The Senate Judiciary Committee postponed a hearing on district court judge Robert Chatigny, a nominee to the U.S. Court of Appeals for the Second Circuit, due to allegations he acted improperly in trying to stop the execution of Michael Ross, aka “The Roadside Strangler,” who was convicted of murdering four women, and confessed to raping and murdering even more. FoxNews.com reports:
Chatigny stunned those involved in the serial killer case in early 2005 by pressuring Ross’ attorney on a conference call to challenge his scheduled execution even though Ross had said he did not want to fight.
The judge had raised concerns about whether Ross was mentally unfit and whether prison isolation had led to despair — at the time of the conference call, federal appeals courts had overturned two prior orders from him postponing the execution.
According to a transcript of that Jan. 28 call, the judge threatened to go after the law license of Ross’ attorney, T.R. Paulding. . . .
“So I warn you, Mr. Paulding, between now and whatever happens Sunday night, you better be prepared to live with yourself for the rest of your life,” Chatigny said. “And you better be prepared to deal with me if in the wake of this an investigation is conducted and it turns out that what Lopez says and what this former program director says is true, because I’ll have your law license.”
Ramon Lopez was an inmate who had written a letter to Chatigny saying Ross had been brainwashed by mental health professionals. . . .
On the conference call, the judge repeatedly stuck up for Ross, saying he suffered from “this affliction, this terrible disease” and suggesting Ross “may be the least culpable, the least, of the people on death row.” . . .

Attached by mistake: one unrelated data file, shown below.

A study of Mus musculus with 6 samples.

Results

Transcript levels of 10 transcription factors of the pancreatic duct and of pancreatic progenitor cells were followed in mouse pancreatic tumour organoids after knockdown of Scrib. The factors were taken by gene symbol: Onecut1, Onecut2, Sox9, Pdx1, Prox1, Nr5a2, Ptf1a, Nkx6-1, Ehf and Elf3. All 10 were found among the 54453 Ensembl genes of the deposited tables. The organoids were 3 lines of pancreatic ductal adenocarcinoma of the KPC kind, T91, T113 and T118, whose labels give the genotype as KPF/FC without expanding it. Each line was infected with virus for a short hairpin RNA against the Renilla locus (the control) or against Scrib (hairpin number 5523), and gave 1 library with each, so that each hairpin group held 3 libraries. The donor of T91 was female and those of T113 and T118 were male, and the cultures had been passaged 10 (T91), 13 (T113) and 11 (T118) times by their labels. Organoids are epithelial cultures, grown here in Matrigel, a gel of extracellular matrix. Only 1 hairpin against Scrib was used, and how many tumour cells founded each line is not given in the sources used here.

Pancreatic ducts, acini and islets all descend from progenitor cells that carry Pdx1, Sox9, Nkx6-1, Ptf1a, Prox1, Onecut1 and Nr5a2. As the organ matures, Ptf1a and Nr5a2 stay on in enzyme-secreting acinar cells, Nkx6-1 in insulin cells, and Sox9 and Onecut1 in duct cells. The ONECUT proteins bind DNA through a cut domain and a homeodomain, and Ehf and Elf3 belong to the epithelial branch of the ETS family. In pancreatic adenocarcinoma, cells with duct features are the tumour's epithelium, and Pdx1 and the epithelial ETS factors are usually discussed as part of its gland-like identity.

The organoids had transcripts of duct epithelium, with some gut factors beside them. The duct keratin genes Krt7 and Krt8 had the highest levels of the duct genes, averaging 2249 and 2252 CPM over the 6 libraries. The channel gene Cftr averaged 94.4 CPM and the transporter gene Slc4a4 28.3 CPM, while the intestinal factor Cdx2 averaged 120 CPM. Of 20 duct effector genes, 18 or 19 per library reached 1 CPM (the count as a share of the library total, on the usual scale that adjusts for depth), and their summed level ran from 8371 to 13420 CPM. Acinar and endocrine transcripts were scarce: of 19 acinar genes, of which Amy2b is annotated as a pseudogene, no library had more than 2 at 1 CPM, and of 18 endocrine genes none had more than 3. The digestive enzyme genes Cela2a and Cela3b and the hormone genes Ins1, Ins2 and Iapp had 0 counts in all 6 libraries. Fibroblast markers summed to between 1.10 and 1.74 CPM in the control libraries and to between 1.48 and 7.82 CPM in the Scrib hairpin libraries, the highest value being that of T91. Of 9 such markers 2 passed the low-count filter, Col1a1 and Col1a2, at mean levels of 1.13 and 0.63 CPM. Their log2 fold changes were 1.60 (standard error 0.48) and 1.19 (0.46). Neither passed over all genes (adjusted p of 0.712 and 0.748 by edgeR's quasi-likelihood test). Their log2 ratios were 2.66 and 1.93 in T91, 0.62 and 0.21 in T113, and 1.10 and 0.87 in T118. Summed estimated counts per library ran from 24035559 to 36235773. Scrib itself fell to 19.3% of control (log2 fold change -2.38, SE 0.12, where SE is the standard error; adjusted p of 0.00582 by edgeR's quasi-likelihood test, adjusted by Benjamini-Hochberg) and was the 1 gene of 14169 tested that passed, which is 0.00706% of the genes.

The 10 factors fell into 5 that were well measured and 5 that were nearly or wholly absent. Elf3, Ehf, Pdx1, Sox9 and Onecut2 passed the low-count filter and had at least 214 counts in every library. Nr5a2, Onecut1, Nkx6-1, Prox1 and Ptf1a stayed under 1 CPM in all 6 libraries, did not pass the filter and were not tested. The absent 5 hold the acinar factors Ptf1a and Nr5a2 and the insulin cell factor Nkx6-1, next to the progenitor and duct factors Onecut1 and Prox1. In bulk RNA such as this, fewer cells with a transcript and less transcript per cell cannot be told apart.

In the end, the execution was temporarily delayed and ultimately carried out. But in the aftermath, seven prosecutors from Connecticut filed a complaint against the judge with the Judicial Council of the Second Circuit. Among the complaints were that the judge had threatened Paulding and that he had not disclosed that in 1992 he filed an application to file a legal brief in support of Ross’ appeal — though the judge never ended up filing that brief. He was later cleared of misconduct.
This year, in a letter dated March 5 to Senate Judiciary Committee Chairman Patrick Leahy and Sessions, one of those prosecutors wrote that Chatigny’s actions in the run-up to the execution “call into question his suitability” for the Court of Appeals seat.
“Judge Chatigny completely abandoned the role of neutral and detached magistrate and instead became an advocate for the position held by the parties who were seeking to stop the execution of Michael Ross,” wrote Michael O’Hare, an assistant state’s attorney in Connecticut. He described the Jan. 28 conference call as a “tirade” in which the judge was “threatening and intimidating” others.
Senator Leahy agreed to postpone the hearing at the reuqest of Senate Republicans after receiving the prosecutor’s letter.